Mt Cook Gaol a loathed landmark on Wellington's finest site - 150 years of news

Widened windows did not make Mt Cook's Alexandra military barracks look any less like a former prison in 1929.
ALEXANDER TURNBULL LIBRARY Ref: EP-3276-1/2-G

Widened windows did not make Mt Cook's Alexandra military barracks look any less like a former prison in 1929.

A menacing monolith on Mt Cook was destined to become one of the world's largest prisons, before horrified Wellingtonians put a stop to the project.

For 50 years Mt Cook Gaol stood like a fortress above Wellington, made of bricks fired on site - four million of them forming walls up to three metres thick.

"Built wondrous strong and ugly by prison labour, the Mt Cook gaol stood until last evening as Wellington's most unwanted building," The Evening Post said on its demolition in 1931.

Mt Cook Gaol loomed menacingly above its namesake suburb, and was loathed by Wellingtonians.
ALEXANDER TURNBULL LIBRARY Ref: 1/2-066816-G

Mt Cook Gaol loomed menacingly above its namesake suburb, and was loathed by Wellingtonians.

Mt Cook once lived up to its "mount" name, standing 20 metres higher than it does today but levelled over the years for building work and to extract brickmaking clay.

Such a commanding site was quickly occupied by the military in Wellington's early settler days, and a wooden fortress built to fend off Maori attacks. The onslaught never came, however, and by 1870 a plan was hatched to build the biggest prison in the English-speaking world.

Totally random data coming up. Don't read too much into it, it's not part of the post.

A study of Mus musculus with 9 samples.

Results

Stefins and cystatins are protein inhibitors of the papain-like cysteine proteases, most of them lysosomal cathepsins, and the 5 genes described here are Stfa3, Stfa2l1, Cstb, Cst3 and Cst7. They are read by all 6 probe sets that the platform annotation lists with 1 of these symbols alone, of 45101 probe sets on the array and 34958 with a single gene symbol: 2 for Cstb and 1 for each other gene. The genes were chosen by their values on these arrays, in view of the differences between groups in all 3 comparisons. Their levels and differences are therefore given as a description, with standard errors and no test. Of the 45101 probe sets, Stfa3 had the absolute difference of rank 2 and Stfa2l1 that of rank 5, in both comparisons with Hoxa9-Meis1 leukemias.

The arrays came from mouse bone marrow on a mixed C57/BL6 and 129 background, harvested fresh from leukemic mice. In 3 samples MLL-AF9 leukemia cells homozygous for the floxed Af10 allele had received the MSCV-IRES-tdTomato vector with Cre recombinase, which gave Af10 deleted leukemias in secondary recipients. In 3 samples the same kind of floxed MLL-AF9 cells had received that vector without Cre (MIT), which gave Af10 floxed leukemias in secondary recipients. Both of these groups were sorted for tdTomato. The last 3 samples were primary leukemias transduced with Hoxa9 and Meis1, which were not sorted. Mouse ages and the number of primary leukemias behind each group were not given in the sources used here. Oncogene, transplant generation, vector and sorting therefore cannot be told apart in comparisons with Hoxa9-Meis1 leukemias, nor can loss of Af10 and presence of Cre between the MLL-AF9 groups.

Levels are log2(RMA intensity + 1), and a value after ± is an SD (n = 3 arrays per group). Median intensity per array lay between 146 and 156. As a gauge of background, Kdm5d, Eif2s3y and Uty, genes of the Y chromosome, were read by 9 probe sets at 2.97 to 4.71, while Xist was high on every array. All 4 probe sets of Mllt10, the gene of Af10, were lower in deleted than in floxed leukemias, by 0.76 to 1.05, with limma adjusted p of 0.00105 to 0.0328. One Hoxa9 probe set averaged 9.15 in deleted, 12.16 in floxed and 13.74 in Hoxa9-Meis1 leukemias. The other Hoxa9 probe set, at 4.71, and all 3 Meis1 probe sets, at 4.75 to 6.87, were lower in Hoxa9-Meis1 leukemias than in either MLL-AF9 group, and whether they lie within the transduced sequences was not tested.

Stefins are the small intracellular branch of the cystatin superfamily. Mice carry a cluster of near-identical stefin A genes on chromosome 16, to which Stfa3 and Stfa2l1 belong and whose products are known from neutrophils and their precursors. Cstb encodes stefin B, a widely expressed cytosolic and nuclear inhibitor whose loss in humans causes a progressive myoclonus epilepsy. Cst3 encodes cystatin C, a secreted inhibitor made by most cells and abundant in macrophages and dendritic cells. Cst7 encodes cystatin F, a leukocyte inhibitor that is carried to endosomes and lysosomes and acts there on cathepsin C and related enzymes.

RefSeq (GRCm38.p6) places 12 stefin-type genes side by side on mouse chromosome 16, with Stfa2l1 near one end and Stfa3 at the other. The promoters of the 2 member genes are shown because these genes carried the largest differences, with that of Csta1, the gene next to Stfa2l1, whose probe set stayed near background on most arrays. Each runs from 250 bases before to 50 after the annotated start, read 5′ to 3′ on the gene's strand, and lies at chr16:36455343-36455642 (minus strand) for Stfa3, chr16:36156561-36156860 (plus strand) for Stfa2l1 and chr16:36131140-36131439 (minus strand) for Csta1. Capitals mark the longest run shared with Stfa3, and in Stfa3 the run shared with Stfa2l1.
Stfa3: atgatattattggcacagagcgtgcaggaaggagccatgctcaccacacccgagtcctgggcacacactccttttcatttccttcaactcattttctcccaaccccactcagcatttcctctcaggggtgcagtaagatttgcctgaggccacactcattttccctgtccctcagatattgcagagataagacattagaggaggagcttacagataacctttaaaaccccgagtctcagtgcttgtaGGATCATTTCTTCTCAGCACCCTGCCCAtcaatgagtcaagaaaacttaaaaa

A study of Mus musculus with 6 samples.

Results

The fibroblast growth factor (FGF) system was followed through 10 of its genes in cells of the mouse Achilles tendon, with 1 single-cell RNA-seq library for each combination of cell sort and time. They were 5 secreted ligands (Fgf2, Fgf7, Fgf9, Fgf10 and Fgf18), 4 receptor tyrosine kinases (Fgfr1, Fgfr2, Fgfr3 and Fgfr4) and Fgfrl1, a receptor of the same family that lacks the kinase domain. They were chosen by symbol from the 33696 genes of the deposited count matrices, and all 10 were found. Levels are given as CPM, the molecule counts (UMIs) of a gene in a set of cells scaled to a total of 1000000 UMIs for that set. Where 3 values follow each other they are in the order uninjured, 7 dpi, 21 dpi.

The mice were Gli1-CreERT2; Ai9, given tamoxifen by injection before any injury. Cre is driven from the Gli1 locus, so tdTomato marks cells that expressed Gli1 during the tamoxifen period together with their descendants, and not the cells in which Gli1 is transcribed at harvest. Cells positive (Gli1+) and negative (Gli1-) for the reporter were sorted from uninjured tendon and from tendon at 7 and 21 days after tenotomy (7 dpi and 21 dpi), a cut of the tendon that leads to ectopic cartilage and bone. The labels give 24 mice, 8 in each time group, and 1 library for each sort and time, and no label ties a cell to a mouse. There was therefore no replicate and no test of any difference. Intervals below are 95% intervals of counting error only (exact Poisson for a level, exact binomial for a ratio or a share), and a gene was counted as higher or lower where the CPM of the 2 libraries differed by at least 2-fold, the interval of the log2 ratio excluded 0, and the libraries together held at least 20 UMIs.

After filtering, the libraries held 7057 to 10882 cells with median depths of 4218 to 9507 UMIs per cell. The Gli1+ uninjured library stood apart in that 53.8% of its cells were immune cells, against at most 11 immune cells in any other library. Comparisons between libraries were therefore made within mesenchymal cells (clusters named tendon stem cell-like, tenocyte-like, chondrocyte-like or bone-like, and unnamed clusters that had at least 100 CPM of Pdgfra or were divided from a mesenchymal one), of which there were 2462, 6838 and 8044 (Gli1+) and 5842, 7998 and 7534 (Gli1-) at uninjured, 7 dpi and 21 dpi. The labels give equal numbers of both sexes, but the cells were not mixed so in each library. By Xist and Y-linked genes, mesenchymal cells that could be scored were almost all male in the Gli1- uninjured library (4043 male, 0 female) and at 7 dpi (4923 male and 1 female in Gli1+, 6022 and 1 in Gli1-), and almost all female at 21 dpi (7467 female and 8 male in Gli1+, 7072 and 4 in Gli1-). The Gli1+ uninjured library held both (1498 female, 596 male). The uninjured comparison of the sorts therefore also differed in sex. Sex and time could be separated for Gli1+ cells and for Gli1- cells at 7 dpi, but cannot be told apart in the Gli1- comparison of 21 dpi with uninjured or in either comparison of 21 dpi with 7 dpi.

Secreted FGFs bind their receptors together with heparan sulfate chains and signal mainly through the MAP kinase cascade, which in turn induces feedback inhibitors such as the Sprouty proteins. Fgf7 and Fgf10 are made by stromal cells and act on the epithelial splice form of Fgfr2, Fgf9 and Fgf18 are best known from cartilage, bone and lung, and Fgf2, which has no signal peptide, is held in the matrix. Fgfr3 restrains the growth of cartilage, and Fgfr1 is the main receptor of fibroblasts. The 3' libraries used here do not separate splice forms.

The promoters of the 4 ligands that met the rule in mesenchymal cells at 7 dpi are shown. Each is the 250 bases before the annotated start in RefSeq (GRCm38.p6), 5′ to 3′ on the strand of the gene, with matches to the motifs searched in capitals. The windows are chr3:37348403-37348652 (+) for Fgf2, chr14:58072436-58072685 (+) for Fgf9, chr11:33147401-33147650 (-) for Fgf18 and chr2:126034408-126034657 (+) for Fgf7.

"The government of past days looked ahead and determined that Wellington should have ample room for expansion, in gaol circles at least - not a compliment to its opinion of the rising and coming generations," the Post recalled in 1921.

Inside the former Mt Cook Gaol in 1930, the year before it was demolished.
ALEXANDER TURNBULL LIBRARY Ref: EP-3857-1/2-G

Inside the former Mt Cook Gaol in 1930, the year before it was demolished.

An imposing three-storey block rose over the following decade, built by Terrace Gaol prisoners marched through town every day. It was supposed to be just one wing of an eventual eight, joined at their centre by a dome-capped circular tower, 46 metres high.

Residents recoiled, however, calling the prison a "mammoth blunder" and the "curse of the colony". Foundations for two more blocks had been built by the time Prime Minister Richard Seddon put a stop to the scheme in the early 1880s.

"His government was in no way responsible for that excrescence - that absolute disgrace - which stood upon the best site in Wellington," the Post reported from a speech Seddon gave in Parliament.

The jail was in use from 1882 until 1900, but no prisoners were ever permanently housed there.


From the Boer War onwards, the former jail was used as accommodation and office space for the armed forces. Renamed Alexandra Barracks, its triple-barred slit windows were widened, but there was no disguising its penal origins.

"It is Wellington's white elephant, too honestly built to shift, so grimly-planned that gaol is writ large upon its every feature," the Post said.

Until 1920 a brickworks remained on site, producing some of the finest bricks in New Zealand. They can still be seen in a wall along Tasman St, imprinted with prison arrows.

The bricks proved immune to demolition on March 26, 1931 when the jail was dynamited to make way for a new Dominion Museum. As 3000 Wellingtonians watched, 50 charges of explosives were fired simultaneously. When the dust cleared, however, only 4500 tonnes of rubble had fallen - just a quarter of the "brick castle".

"It says much for such bricklaying as was done by men with plenty of time before them," the Post said.